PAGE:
Challenging Misconceptions About LGBTQ Religion and Political Activism

Challenging Misconceptions About LGBTQ Religion and Political Activism

PRRI Public Fellow R.G. Cravens, III, recently wrote a spotlight analysis on the correlation between LGBTQ religion and political activism. Cravens describes how frequently both the popular portrayals and social scientific theories about LGBTQ behavior are inaccurate and “rest on the assumption that white, wealthy, urbanite, non-religious gay cisgender men are the paradigm of the social category we call LGBTQ.” He then debunks these theories noting that LGBTQ people—especially LGBTQ people of color and transgender people—are more likely than heterosexual and cisgender people to live in poverty, and also that an increasing proportion of LGBTQ people live in rural areas. To point out the religious diversity within LGBTQ Americans, the article cites PRRI’s 2020 American Values Atlas, which found that while about 5% of Americans identified as LGBTQ in 2020, about 16% of Buddhists and 10% of Hindus and Jews identify as LGBTQ. On the other hand, about 2% of white mainline Protestants, about 3% of Black Protestants, and about 5% of Hispanic Protestants identify as LGBTQ. 

Cravens’ own research from 2018 found religiously active LGBTQ people are more likely to participate in politics than non-religiously active LGBTQ people, which is consistent with both contemporary and historical trends in LGBTQ politics. Cravens concludes that LGBTQ people who attend a religious congregation that affirms their identity are more likely to engage in political activism than LGBTQ people who do not attend these congregations. Another study from 2021 by Cravens found that attendance is positively associated with both psychological resources and political participation across a number of indicators, including volunteerism, financial contributions, and voting.

Families Work on Making Up After the Pandemic

Clare Ansberry for The Wall Street Journal discusses an ongoing predicament many Americans find themselves in, just as we collectively arrive at the second anniversary of the start of the COVID-19 lockdown. Ansberry describes the disagreements over COVID-19, including discussion surrounding masks, vaccinations, and general pandemic precautions, that have left “many families struggling to talk to, love and respect the people closest to them.” While the pandemic has brought some families closer together, there are “lingering divisions in others.” This comes as the omicron variant seems to be waning, but also as other news continues to cause concern: the CEO of Pfizer has announced a fourth COVID-19 shot is “necessary” due to waning immunity, while there is now “solid evidence for a delta-omicron recombinant virus.”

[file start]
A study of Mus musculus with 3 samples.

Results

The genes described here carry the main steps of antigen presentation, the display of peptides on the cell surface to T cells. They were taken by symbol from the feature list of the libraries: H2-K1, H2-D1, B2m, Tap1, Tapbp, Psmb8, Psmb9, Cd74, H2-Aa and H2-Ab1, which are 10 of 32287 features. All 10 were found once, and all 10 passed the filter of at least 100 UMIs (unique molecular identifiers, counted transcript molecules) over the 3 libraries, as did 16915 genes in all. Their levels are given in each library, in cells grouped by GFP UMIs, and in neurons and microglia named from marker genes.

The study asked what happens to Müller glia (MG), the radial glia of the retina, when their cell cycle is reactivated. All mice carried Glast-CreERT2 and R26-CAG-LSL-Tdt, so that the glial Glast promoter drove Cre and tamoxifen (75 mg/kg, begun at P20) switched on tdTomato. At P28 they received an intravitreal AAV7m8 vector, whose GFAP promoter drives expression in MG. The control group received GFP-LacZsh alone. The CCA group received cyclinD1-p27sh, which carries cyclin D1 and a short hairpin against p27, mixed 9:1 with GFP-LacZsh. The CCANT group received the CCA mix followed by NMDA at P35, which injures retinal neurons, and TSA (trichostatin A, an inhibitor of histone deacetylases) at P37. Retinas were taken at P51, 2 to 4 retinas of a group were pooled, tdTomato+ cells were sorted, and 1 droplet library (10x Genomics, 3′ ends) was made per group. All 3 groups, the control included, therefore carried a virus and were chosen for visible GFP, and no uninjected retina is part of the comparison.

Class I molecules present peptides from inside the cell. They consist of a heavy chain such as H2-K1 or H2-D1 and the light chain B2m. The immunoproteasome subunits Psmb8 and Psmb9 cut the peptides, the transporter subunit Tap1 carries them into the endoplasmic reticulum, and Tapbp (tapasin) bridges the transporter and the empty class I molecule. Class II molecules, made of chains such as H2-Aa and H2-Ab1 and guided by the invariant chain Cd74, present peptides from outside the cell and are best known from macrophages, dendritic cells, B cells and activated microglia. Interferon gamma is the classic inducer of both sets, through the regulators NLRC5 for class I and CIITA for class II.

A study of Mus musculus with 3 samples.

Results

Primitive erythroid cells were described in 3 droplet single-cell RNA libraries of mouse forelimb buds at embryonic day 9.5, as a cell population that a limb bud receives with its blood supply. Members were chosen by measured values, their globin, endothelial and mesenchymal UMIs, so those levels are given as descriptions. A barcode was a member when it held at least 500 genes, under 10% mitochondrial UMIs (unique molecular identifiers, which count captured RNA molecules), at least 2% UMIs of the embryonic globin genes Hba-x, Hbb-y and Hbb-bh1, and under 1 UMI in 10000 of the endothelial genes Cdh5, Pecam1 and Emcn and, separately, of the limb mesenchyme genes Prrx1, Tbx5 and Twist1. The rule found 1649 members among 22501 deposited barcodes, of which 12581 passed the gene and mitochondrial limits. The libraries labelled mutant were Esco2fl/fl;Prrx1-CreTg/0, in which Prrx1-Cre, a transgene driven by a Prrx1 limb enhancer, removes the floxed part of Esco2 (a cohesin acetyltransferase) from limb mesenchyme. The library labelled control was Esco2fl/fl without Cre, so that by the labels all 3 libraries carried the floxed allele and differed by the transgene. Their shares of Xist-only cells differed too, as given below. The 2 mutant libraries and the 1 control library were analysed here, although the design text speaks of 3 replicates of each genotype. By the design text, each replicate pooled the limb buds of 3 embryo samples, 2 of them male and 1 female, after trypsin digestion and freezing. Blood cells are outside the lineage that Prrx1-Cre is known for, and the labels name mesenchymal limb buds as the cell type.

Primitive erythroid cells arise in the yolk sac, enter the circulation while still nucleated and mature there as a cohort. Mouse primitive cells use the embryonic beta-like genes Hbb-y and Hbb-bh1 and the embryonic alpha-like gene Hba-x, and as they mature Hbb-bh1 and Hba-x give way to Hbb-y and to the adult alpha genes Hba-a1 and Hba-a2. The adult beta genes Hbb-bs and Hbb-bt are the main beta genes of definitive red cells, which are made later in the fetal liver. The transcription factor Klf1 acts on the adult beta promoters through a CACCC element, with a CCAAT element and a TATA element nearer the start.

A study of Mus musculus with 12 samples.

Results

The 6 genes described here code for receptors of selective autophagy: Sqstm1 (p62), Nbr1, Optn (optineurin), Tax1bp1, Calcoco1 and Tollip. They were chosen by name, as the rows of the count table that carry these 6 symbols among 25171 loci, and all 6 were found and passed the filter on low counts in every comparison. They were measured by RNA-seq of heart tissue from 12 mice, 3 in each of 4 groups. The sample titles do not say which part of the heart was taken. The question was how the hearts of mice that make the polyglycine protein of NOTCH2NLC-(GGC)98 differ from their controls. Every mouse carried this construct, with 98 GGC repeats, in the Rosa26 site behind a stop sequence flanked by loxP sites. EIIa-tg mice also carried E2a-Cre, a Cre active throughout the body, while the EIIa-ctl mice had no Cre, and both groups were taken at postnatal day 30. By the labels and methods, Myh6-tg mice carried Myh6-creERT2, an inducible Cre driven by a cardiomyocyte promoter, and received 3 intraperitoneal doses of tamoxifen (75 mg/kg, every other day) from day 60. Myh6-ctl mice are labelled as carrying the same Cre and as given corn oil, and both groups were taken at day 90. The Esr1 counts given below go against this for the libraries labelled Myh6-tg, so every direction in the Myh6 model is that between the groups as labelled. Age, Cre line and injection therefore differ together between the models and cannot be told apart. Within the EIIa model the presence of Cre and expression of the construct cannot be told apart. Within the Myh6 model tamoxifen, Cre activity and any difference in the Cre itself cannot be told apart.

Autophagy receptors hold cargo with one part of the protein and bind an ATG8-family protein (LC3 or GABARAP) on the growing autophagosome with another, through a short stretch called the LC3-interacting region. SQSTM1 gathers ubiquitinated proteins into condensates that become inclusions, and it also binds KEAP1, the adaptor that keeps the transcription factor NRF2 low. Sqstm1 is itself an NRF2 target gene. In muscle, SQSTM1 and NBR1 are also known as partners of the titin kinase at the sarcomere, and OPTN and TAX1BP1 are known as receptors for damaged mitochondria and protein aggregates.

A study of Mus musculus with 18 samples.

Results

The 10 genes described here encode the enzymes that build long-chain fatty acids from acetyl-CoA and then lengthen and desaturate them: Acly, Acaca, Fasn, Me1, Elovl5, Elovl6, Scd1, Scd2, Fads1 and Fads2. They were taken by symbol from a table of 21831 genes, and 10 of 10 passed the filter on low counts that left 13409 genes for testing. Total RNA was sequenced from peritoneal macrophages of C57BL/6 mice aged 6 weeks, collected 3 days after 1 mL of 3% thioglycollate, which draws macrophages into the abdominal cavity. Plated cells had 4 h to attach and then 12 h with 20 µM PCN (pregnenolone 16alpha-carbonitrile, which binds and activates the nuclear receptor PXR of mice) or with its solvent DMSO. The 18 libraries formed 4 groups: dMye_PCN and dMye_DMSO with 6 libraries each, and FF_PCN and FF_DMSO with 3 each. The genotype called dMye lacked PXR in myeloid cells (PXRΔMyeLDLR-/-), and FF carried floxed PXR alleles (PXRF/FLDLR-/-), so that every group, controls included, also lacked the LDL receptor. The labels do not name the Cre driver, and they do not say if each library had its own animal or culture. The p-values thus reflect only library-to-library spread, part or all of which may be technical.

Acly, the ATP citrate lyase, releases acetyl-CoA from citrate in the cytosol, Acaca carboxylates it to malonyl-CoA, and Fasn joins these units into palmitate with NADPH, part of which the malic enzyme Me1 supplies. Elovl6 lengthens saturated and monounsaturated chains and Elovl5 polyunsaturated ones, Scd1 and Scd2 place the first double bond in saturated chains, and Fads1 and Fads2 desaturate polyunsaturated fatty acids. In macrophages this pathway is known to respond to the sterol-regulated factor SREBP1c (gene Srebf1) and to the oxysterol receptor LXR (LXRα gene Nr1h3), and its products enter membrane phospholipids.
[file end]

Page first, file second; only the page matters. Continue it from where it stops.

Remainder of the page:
PRRI-IFYC survey report from last December found that two-thirds of Americans who are vaccinated (67%) agree that they are “angry at those who are refusing to get vaccinated against COVID-19 and are putting the rest of us at risk,” and more than seven in ten unvaccinated Americans (71%) say they are “angry at those who think they have the right to tell me to get vaccinated against COVID-19.” Additionally, one in five Americans (19%) say disagreements over vaccinations have caused major conflict in their families.

The Meaning of ‘Majority Minority’ Shift

George Mason University Associate Professor of Policy and Government Justin Gest wrote a guest essay for The New York Times last year on the white majority of the United States’ population becoming a white plurality, where the total of the nation’s racial and ethnic minorities outnumber the white population, as well as the factors that contribute to the shift. Measuring this type of demographic change is necessary, Gest argues, making the case that we should “place far less stock in the importance” of the shift as it relates to the future of the country. “The truth is, just as populations in the United States ebb and flow, the salience of racial and ethnic identities emerges and disappears,” he writes, noting the times throughout our history when the lived meaning of “whiteness” has also changed.

After the 2020 U.S. Census determined that the white population of the United States has decreased for the first time in the country’s history, PRRI found that about one in four Americans (23%) say that this change is mostly positive, while less than one in five (17%) say it is mostly negative. A majority of Americans (59%) say it doesn’t matter either way. In addition, a majority of Americans (56%) say that in general, newcomers strengthen American society, compared to four in ten (40%) who say that newcomers threaten traditional American customs and values. Gest presents his research in a new book, “Majority Minority,” set to publish March 22. Described by Oxford University Press as “an innovative and rigorous examination of state and public responses to majority minority demographic transitions across six societies,” the book wields historical analysis, polling, and interview-based fieldwork. You can pre-order his book here, and learn more about Justin Gest and “Majority Minority” here.